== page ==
Qualcomm Inc’s lawyers saw a chance to score some points in a government antitrust case against the chipmaker by making an example of rival Intel Corp as a company accused of abusing its dominance of an industry. They were wrong. After an interrogation of Intel’s chief strategy officer largely backfired this week, a Qualcomm attorney on Friday declined a judge’s invitation to bring Aicha Evans back to the witness stand as a non-jury trial brought by the Federal Trade Commission moved into its fourth day of testimony.
“Not from us, your honor,” Qualcomm lawyer Antony Ryan told US District Judge Lucy Koh, prompting a cheer from Evans, which provoked widespread laughter in the San Jose, California, courtroom after one of the liveliest showdowns so far in the case. It also ended something of an ordeal for him.
Testimony later Friday from Qualcomm Chief Executive Officer Steve Mollenkopf was decidedly more stolid, with a reference to shipment practices amid stalled royalty payments and a cross examination about the ethos of the San Diego-based company. No fireworks, cheers or laughter ensued. Evans, who formerly ran Intel’s mobile phone chip unit, repeatedly turned Ryan’s questions into opportunities to restate her company’s opinion that Qualcomm unfairly used technology licensing and its leadership in smartphone components to lock out the competition.
“Mr Ryan, Mr Ryan, you’re going very fast. Easy,” she told the attorney at one point. Earlier she’d said: “I’m a French speaker, numbers are hard. I’d ask you to please slow down.”
Intel, the world’s second-largest chipmaker, holds about a 90 per cent share in the lucrative market for computer server chips. In personal computer processors, it rakes in more than 80 per cent of revenue. Its only remaining competitor, Advanced Micro Devices Inc, once accused Intel in a lawsuit of using its control of that market to force PC makers into remaining exclusive users of its products. The two sides settled the case with Intel paying AMD more than $1 billion in 2009.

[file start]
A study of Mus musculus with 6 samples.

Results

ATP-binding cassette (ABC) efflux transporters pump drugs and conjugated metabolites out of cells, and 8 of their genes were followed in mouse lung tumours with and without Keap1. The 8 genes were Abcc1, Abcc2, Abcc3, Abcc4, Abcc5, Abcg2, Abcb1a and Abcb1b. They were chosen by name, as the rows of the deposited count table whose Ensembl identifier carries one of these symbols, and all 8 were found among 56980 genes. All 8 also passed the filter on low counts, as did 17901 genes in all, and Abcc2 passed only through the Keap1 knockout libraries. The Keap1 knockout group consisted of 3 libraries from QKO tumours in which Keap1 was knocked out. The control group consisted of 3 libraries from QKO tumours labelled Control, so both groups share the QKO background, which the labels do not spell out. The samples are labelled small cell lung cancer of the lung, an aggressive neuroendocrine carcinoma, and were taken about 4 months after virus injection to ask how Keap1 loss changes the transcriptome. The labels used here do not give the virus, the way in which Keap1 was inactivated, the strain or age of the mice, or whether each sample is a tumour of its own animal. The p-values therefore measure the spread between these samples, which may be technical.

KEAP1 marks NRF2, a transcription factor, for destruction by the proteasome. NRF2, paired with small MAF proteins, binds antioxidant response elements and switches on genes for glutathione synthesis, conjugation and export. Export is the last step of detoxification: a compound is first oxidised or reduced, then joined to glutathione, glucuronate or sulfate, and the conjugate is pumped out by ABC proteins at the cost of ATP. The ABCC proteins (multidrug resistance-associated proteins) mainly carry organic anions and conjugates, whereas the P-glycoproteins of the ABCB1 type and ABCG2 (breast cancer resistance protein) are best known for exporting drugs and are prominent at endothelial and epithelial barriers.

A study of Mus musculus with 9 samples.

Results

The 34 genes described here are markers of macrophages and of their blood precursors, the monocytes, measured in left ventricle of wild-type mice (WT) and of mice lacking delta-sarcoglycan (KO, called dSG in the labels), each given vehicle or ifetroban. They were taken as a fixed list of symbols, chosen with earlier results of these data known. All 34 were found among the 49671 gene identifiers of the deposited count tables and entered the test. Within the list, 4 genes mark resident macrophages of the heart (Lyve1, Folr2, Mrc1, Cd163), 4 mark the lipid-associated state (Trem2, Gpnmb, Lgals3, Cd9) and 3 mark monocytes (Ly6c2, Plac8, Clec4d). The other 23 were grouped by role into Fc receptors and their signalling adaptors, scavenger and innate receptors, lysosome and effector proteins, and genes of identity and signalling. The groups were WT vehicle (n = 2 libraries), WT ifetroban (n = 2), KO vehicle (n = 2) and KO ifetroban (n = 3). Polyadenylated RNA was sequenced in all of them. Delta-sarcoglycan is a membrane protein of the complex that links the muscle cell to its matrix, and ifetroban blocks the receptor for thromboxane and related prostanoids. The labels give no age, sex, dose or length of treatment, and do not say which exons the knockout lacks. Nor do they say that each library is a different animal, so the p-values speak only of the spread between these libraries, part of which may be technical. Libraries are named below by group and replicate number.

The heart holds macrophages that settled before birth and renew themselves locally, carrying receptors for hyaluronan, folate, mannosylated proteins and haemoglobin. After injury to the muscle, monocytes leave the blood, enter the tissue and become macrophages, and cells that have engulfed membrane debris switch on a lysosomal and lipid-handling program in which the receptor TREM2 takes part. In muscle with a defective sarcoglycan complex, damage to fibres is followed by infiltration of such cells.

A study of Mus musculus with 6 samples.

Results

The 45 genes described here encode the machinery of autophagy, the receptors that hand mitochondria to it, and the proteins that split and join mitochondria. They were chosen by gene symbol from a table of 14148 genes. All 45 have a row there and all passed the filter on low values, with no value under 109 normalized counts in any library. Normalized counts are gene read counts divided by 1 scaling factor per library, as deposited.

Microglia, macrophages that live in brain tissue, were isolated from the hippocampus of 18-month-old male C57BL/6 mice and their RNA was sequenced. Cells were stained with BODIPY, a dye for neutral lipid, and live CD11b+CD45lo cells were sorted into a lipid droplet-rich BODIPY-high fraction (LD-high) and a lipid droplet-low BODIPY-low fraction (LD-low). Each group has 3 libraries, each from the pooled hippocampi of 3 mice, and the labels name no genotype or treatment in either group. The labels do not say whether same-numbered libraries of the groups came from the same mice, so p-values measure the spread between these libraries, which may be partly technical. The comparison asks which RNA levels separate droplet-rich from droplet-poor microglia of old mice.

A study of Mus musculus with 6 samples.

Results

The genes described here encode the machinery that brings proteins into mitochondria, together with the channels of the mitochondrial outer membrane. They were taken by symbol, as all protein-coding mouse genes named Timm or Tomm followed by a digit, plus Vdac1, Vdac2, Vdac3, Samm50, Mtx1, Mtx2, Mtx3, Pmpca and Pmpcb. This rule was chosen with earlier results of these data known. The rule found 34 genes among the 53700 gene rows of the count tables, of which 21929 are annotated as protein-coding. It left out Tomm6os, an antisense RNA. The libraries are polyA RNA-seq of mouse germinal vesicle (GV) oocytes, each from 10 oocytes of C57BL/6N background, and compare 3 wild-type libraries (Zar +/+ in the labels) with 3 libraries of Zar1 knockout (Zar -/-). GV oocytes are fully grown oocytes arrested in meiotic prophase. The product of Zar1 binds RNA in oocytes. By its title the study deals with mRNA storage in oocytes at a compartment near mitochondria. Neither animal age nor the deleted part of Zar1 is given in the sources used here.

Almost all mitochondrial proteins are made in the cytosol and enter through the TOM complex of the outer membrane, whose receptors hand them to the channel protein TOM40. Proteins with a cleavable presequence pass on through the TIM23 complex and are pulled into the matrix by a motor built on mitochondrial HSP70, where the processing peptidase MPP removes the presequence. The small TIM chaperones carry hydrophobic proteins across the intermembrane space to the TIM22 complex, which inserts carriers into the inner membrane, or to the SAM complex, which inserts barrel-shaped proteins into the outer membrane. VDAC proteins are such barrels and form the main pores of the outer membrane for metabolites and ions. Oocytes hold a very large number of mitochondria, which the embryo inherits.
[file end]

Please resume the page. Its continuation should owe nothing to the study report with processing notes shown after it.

“They came back and told us we’d have a chance in 2016, but in 2014 we’d lost because of a pre-existing agreement Apple had with Qualcomm,’’ she said. “We were set back two years. It was a near-death experience.”
Mollenkopf has argued that the government has no evidence that its “no license, no chips” policy has hurt competition in the industry. Qualcomm asserts that Intel’s current status as exclusive chip supplier for Apple proves that the industry is, in fact, healthy. Evans complemented Qualcomm but took another dig at the company that the FTC’s lawyers will like.
“They are excellent technical engineers,’’ she said. “That doesn’t give them the God-given right to perform unfair business practices.”
Friday’s session concluded after Mollenkopf’s testimony, in which both sides tried to make progress with their central arguments. The CEO, like other Qualcomm representatives, acknowledged the company has a policy of not providing chips to phone makers who don’t pay for its licensing. Its argument is that those license fees go into technology development that benefits the whole of the industry, not just Qualcomm. The government lawyers tried to build support for their case that Qualcomm willfully used its position in the marketplace to extract high patent licensing fees and force customers to stay exclusive to it.
Qualcomm countered that its business model is a byproduct of the way the market developed and not part of a grand design to disadvantage would-be rivals — its leadership in technology thrust its patents and chips to the forefront of the industry and supply arrangements have been shaped by supply and demand. The chipmaker is unique in the industry in that it gets the majority of its profit from licensing patents it says underpin all modern phone systems. Handset makers pay it a percentage of the price of a phone regardless of whether they use its chips or not.